There was an interesting letter to the editor in the Dallas Morning News the other day. The writer, Rob Lofland from Lindale, Texas, addressed the issue of jobs and the way business is managed today. He said, “There has been a colossal shift in the way management, especially management of large, publicly -traded companies, view their responsibilities.”
He goes on to say that in the past 20 0r 30 years management has shifted the focus of that responsibility away from the product, from consumers, from workers, to “asset management and creation of wealth for stockholders and management.”
Later in his letter he writes, “Much of the effort of those who run the large companies and all the effort of those on Wall Street and related business actually create nothing. They are getting paid exorbitantly to move money around.”
Loftland acknowledges that there is nothing inherently wrong or evil in that, but he does wonder about the impact on jobs and consumers.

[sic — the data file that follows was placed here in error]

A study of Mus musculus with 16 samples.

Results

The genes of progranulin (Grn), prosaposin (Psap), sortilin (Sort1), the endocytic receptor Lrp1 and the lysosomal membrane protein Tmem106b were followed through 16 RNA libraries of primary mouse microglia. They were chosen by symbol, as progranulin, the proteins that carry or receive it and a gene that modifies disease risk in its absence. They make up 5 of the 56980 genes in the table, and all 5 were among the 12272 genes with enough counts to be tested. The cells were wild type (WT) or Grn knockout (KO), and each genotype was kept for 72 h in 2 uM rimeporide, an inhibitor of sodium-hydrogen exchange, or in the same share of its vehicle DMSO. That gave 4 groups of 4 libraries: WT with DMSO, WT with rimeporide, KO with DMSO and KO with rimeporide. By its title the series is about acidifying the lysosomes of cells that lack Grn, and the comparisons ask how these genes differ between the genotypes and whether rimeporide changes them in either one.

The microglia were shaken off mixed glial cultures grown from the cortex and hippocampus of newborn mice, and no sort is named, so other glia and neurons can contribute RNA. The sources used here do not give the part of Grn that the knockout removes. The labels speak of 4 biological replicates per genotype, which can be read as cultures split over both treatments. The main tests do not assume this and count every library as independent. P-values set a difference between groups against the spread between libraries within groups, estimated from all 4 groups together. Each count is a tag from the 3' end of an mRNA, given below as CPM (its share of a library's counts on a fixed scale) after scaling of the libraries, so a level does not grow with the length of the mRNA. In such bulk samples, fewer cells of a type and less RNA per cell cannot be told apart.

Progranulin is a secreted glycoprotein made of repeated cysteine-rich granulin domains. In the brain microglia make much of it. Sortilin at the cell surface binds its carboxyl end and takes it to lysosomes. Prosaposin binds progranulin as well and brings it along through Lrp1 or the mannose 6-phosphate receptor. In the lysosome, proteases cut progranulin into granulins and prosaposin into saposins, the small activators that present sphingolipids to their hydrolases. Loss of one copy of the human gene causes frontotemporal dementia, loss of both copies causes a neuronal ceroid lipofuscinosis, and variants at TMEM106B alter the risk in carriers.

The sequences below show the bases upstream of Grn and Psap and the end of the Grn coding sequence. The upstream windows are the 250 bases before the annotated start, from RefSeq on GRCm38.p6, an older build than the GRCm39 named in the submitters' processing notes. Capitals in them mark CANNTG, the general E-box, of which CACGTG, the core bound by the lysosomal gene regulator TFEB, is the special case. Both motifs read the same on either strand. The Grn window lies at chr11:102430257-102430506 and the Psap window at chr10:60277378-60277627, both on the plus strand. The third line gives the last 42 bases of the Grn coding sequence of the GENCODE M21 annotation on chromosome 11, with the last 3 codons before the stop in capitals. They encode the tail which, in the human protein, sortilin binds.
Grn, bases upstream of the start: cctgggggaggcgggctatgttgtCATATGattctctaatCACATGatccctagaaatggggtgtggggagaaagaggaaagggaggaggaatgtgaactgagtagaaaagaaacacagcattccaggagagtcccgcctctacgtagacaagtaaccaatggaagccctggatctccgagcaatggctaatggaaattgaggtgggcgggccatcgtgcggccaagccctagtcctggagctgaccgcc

I wonder, too.
If the focus is always on the bottom line and profits to shareholders, the worker and the consumer get short-changed. And those are the people who are more important to the long-term success of a company than the shareholder. Without the worker to produce the product and the consumer to buy the product, the company would cease to exist. And that would be bad news for the shareholders.
As I mulled this all over deciding whether to blog about it, I couldn’t help but see the parallel in the business side of writing. For the past 20 or 30 years the focus has shifted from the books and the writers to profits and marketing. The days when authors were appreciated and rewarded for writing a good book are gone. Now they are appreciated and rewarded for having a platform, for being a good salesperson, and for having a hot new concept.
Maybe I’m just a curmudgeon, but I liked the old days better.